Today we visit a refugee camp in Greece, one of three dozen together holding about 65,000 (known) refugees, forwarded from detention centres and now on the transfer lists awaiting invitation from the receiving EU countries.
We visit the home of a Syrian surgeon and two of his friends. One has left his family behind in Iraq after his three brothers were murdered; the other brought his son on the same boat with the surgeon (at gun point) and is hoping to one day join his wife in The Netherlands. We sit together in the makeshift extension they have built from canvas and pallets; that hangs from the “IsoBox” portable dwelling that provides a room with their three bunks, a sink, and a shower room.
We learn that these cabins are funded by the United Arab Emirates and I start to wonder how much is going on that is not known or reported, at least not loudly enough to reach my own ears?
We exchange introductions, watching video clips on each other’s phones. I show them my granddaughter standing up alone for the first time this week. They show me a long dream-like clip of the two friends walking and swinging the small boy in a large green hillside here in Retsona. It is a very moving vision to see the child pictured, growing up and making memories of what for him is normal life; without his mother, and far from home.
So young to be a survivor of a great adventure, crossing waters where hundreds can die in a single day. So young to be facing a complete uncertainty of opportunity. Will he one day find an education? Or work? Acceptance and belonging in any society? Will he lose his fear of strangers?
We learn of the journeys by boat that will scar their memories for life. We’re told how a soldier cried, lifting babies to safety. Even the living ones.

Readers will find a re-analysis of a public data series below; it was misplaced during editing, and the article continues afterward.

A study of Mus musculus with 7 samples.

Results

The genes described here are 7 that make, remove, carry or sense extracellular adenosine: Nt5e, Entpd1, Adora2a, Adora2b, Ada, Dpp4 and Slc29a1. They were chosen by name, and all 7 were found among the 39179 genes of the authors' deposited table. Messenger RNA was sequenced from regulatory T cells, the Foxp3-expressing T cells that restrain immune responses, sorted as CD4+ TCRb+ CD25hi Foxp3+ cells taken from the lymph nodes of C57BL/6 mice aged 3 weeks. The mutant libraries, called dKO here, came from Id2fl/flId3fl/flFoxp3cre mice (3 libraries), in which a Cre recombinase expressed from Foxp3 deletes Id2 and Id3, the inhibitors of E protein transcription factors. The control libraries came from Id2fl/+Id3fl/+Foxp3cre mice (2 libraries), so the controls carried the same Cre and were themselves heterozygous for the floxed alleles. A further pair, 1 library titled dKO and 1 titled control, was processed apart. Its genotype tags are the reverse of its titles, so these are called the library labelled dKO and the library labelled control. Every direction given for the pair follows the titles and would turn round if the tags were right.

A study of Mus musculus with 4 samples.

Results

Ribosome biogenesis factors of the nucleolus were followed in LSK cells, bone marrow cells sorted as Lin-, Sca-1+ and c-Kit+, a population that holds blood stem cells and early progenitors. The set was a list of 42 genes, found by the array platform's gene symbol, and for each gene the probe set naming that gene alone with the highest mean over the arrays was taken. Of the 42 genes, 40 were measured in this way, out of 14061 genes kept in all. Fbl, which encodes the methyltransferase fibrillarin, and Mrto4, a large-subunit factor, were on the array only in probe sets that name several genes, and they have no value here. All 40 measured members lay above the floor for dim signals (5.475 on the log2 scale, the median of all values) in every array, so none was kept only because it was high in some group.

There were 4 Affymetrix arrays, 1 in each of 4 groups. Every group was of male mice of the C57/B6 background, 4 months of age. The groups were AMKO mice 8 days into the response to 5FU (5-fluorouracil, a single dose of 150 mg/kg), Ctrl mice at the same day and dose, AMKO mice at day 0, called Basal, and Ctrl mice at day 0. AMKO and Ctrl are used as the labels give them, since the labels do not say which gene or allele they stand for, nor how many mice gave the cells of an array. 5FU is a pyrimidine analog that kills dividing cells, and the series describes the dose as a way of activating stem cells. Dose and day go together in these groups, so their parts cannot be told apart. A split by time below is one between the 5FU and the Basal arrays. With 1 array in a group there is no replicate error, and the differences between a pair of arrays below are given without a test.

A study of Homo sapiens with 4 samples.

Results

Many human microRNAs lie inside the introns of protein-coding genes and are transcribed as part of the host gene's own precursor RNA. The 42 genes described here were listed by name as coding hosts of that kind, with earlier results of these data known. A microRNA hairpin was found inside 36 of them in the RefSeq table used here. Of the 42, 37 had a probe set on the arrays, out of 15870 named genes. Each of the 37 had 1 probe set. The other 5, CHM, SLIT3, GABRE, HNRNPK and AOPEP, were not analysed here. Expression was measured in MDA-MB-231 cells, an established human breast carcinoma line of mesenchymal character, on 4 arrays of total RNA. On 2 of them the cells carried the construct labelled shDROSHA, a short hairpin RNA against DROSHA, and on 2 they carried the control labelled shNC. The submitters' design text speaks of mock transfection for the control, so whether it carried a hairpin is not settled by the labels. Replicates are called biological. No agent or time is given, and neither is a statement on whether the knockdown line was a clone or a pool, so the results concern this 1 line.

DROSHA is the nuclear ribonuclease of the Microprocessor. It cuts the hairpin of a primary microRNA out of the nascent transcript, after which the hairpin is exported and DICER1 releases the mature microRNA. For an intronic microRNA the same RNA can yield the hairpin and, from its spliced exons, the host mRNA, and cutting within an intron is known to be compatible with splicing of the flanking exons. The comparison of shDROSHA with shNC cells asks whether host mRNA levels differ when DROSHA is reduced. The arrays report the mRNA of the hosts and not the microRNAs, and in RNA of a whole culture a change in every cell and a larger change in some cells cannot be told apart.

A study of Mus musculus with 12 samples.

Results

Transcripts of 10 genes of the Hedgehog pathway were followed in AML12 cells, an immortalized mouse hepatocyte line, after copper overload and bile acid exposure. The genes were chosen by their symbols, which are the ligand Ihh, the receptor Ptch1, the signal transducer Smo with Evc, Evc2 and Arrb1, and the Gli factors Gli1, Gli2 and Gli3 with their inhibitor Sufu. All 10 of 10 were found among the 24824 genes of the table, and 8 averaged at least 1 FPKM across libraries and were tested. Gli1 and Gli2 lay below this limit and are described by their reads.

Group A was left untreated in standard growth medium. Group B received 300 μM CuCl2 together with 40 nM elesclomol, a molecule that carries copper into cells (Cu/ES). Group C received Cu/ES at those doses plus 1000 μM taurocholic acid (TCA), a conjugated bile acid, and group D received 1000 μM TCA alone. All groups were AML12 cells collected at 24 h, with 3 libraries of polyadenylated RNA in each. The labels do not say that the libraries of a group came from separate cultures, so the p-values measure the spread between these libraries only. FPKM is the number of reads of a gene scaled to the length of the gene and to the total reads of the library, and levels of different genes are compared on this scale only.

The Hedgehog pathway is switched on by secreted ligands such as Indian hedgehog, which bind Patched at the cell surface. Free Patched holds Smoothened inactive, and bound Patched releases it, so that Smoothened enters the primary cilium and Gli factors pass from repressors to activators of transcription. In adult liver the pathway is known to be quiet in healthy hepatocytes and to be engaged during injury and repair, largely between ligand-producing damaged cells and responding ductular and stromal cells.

Some things cannot be restored. Our friend the surgeon explains that even a single family might include brothers who have supported the state, the rebels, Da’esh, and other groups. How many generations must pass before resentments can be healed or forgotten between these murderous factions?
The problems and the solutions evolve constantly around us. Containers of clothes and washing machines stand unused because of the logistical problems of fair distribution and utility supply in remote rural areas. But. The surgeon shows us a red rucksack that unfolds to reveal medication and tools of his profession, given to him by the Red Cross.
I do not now name the men we met. I do not share their picture. I cannot explain, do not understand some things we saw there. Except to walk alongside them a while on their perilous journey, I do not know what we can do. I do not see this Great Walk ceasing while war continues to destroy countries whose dominion goes on being challenged and defended under a growing and persistent “war economy”.
That’s a poison not easily extracted when good money is made by selling weapons to war makers. The poison spreads to infect Europe. Because. It’s not just violent smugglers getting rich; Turkey’s and Greece’s economies get a much needed boost from EU bribes to hold back the tide of refugees, or even from renting cars and rooms to aid workers in the emerging establishment of that permanent “refugee economy”.
Here’s a picture of washing hanging on the newly installed barbed wire fence. The heavy gate was quickly smashed by the refugees who are forever outwitting the wall builders, and improvising utility for themselves; clinging to anything and everything for a handhold onto hope, and dignified daily living; anywhere.